The Model/Photographer Relationship

  • Freya Hill

In this blog we want to cover some of the basics rules of working with a photographer, what you can do to make your pictures better and what we don’t recommend you do until you get back home!

photographer 1

As soon as you arrive on set, make sure you introduce yourself to the photographer (if someone hasn’t already organised the introductions). Remember this is the person who will be taking your photographs so act positive, engage with them and smile. Try and catch their name so if you need to get their attention on set you can, and listen closely to what they say as they (along with the creative director, if there is one) will be the one all-knowledgeable about the day. If it is their own shoot they will have ideas they want to explore and if they are working for someone else they will have been briefed and given targets to meet. On the day of the shoot the photographer is your boss so listening and taking on board what they say is really important.

It’s easy for us to list lots of dos and don’ts but we need to remember that all photographers are human so each one will have a slightly different working style. It’s for that reason that we say if you can mirror your photographer’s approach you are more likely to create great pictures together. We’re not expecting you to change your personality depending on who you’re working with but if you sense your photographer is a really chatty worker, talk to them as they are to you, have fun and let your personality shine. If they’re a serious photographer, think about toning it down a little. They key here is to work with the photographer, not against them.

photographer 2

As the model, we must also emphasize how important it is to trust the eye of a photographer. We appreciate that you are the person practicing poses every day and who knows your body better than anyone, but the photographer is the one at the end of the camera who can see what the picture will look like. If you are told to tilt your head slightly, to move your left leg in front of the other, to look lustfully into the camera, do so. They are telling you to do this because it will work. Trust in their skill and work with them.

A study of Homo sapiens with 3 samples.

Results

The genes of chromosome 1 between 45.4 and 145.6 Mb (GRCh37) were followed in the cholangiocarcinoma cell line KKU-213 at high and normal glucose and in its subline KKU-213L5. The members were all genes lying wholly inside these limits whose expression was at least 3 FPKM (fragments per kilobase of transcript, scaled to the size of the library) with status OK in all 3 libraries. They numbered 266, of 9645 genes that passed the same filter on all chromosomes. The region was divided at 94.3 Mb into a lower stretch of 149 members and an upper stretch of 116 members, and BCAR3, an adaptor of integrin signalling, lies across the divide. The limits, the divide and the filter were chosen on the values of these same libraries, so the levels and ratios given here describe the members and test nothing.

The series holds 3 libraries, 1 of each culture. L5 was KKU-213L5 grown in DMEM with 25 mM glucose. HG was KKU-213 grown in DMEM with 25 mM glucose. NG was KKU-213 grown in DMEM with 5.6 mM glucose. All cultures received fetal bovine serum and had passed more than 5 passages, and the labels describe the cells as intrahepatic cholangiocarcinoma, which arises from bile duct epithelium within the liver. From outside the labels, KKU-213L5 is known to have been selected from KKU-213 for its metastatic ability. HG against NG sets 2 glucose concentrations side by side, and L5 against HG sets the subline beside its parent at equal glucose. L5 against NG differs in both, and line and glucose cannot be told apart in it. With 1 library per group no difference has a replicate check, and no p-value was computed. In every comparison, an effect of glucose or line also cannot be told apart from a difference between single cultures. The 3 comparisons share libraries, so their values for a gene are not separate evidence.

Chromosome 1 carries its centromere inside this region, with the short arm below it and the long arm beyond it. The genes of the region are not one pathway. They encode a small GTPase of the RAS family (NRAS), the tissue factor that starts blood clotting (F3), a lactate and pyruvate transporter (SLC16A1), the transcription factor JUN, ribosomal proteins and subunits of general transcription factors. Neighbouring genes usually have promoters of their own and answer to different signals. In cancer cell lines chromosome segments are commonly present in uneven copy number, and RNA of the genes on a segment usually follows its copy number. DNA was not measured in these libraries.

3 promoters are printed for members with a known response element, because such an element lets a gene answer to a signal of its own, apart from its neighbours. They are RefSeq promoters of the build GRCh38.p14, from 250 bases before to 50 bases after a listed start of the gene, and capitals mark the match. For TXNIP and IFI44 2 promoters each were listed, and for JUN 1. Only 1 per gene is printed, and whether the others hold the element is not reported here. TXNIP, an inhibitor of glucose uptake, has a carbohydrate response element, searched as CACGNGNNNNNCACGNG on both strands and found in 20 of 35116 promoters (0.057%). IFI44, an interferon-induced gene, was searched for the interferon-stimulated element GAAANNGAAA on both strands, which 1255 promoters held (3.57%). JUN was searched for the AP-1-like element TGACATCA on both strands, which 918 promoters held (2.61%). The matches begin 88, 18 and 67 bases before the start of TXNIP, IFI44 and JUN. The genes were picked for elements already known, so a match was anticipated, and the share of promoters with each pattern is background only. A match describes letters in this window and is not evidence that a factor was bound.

photographer 3

The final aspect of a photographer-model relationship is based on each other’s commitment to the job. If a photographer has working kit, a professional attitude and is confident photographing models, it will put you at ease and help you to relax. If you arrive on set with your hair and skin ready to be worked on, a good set of pose ideas in your head and an enthusiastic mindset, you will be a joy for the photographer. If you are both taking the job seriously, the results are set to be good.

photographer 4

On a slightly negative note, it goes without saying that photographers and models should never express their dislike for one another on set. If you are finding a particular person hard to work with, try to grin and bare it and next time you are offered work with them, politely turn it down.

The rules broken down

  • Be positive. After all, first impressions are everything.
  • Engage. Act interested. Look like you want to be there!
  • Relax. Work with the photographer and trust what they are telling you.
  • Respect the photographer’s judgement and be happy to take their advice.
  • A committed model and photographer will make a great team.
  • Don’t let a bad relationship affect the shot.


Freya is been writing for many years on fashion and modelling. Her hands are a bit too wrinkly for a 23 year old and she has worked with MTV, New Look and Vauxhall Fashion Scout.